Work-life balance rules ‘just tick-box exercise’, NGOs say of government shortcomings

NGOs petition parliamentary secretary Andy Ellul for wider consultation on bare-minimum law that Malta has adopted for work-life balance

Parliamentary secretary Andy Ellul
Parliamentary secretary Andy Ellul

Nine organisations in support of parental rights, workers’ rights and equality between men and women have demanded wider consultation on the transposition of the EU Directive on work-life balance, in a letter to parliamentary secretary responsible, Andy Ellul.

The new rules implemented in Malta came into effect in early August but transposed just the bare minimum of the EU Directive.

The organisations have insisted the transposed rules will not enable Maltese workers to successfully combine work with family and care responsibilities, complaining of the behind-closed-doors talks during the past three years that preceded the rules. “Why isn’t the Maltese Government delivering an ambitious vision which inspires and which will truly improves workers’ quality of life and has a positive impact on Maltese society?” they asked.

Unions accused of bowing to government on weak work-life balance rules

Moviment Graffitti, aditus foundation, Alleanza Kontra l-Faqar, Integra Foundation, Malta Women’s Lobby, MGRM - Malta LGBTIQ Rights Movement, National Parents’ Society for Persons with Disability, Women’s Rights Foundation, and ADHD Malta, have presented five examples in which the law can be strengthened.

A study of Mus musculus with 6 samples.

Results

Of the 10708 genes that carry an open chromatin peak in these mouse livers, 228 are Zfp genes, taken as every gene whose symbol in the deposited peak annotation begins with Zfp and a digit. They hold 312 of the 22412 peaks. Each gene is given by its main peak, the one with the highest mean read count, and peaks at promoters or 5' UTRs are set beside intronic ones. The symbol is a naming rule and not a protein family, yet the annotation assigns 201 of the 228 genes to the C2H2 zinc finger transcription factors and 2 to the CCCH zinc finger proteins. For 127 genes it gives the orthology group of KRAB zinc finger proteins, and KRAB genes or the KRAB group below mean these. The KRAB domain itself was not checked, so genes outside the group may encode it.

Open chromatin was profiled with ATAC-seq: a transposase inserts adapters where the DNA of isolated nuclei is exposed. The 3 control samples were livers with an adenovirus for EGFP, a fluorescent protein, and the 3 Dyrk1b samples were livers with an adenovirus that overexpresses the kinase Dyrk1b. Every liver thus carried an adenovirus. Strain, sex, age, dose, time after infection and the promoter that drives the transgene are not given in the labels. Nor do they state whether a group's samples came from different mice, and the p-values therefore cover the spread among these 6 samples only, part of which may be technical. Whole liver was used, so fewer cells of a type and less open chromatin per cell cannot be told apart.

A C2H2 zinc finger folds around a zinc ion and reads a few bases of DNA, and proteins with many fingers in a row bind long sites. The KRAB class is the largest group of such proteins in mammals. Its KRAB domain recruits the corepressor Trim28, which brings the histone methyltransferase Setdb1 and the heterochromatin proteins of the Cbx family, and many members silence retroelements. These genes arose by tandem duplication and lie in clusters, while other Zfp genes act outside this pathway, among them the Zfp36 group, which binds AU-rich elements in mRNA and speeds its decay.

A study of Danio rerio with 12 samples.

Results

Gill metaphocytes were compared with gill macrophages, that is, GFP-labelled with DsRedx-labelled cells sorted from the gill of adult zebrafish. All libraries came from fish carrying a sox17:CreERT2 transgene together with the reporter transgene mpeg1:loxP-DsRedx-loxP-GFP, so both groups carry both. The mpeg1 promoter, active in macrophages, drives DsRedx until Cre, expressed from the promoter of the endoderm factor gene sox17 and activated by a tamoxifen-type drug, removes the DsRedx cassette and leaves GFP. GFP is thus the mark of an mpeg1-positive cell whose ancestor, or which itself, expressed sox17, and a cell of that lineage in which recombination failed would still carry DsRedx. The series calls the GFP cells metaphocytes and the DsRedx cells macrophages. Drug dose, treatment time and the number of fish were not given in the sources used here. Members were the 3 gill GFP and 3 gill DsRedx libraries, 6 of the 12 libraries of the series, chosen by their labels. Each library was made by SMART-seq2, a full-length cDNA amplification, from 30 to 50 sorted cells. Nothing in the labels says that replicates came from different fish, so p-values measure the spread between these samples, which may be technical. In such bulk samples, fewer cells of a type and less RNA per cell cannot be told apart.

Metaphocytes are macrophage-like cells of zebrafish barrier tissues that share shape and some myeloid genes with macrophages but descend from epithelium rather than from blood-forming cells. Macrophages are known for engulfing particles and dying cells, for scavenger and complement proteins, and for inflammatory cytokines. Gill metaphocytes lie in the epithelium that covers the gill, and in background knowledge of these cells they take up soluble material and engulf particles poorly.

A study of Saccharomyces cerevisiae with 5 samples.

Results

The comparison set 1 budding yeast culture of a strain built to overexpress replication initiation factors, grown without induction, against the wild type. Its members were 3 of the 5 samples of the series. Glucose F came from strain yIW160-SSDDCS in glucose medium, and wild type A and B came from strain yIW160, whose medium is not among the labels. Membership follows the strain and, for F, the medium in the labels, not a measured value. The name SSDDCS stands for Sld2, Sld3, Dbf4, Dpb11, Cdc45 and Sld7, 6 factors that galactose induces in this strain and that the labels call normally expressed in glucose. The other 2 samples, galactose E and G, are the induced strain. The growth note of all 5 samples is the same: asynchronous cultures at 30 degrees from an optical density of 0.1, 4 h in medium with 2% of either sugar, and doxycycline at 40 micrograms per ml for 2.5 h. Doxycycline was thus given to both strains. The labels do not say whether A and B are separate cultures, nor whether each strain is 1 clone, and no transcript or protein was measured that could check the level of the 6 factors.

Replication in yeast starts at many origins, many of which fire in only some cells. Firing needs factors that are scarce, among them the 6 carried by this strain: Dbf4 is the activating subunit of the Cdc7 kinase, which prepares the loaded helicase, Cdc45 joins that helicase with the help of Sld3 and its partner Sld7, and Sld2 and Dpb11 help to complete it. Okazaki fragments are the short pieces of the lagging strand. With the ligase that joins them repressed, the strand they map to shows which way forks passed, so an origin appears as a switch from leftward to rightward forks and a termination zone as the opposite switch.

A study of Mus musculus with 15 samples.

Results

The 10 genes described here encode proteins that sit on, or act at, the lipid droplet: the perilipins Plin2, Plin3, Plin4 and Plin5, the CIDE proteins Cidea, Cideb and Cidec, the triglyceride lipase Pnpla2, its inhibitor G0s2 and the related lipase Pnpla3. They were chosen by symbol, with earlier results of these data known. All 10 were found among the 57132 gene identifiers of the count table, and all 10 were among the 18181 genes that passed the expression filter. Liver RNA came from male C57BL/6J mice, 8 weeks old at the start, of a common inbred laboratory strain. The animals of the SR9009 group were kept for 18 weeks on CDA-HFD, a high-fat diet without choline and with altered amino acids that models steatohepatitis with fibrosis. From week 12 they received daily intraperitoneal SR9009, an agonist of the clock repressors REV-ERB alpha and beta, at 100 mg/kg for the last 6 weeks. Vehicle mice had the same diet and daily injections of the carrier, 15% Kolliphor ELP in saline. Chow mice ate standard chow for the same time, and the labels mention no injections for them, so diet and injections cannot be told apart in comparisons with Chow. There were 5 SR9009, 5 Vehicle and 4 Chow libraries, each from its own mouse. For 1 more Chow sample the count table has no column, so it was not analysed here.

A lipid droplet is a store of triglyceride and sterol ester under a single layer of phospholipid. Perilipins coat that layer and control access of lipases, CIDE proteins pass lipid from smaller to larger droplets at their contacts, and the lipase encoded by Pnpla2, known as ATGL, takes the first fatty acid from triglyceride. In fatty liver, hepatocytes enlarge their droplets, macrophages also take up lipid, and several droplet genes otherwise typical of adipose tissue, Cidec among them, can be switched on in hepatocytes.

Starting with the ten days of paternal leave which are being provided at full pay, the group is questioning why this leave needs to be taken immediately after the birth or adoption of the child. “The current implementation fails to acknowledge that all families have different needs,” they said.

The second element, parental leave, only pays at a sick-pay rate of €21.85 daily for just two days of the four months available. “Why are parents going to be paid at sick-pay level when they are perfectly healthy and when they are providing a service to society with their care?” the NGOs asked.

“Does the government realise that this money will not go far in a period when the family’s expenses shoot up, especially with the recent increase in the cost of living? Unless this rate is revised, few parents will afford to take this leave. Specifically, few fathers will afford to do so, which means that it will remain women’s responsibility to provide unpaid or poorly paid care for the family.”

The new rules also do not allow the paid portion of parental leave to be used all at once. Only one month can be used until the child is four years of age. The organisations are asking for flexibility in this regard so that the paid portion of parental leave can be taken according to the family’s needs.

The carers leave for workers who have caring responsibilities, allows up to five days of unpaid leave. “Once again we see the government taking those workers who are providing caring services for granted. This leave should be paid adequately and fairly. The government needs to stop propagating the charity model.”

And the NGOs said there are no criteria for the requests for flexiwork from working parents of children younger than 8 and workers with caring responsibilities. “The fact that the measure is only applicable to parents and those with caring responsibilities, again shows that the Government is out of touch with today’s society. This right to request flexible work arrangements should be available to all.”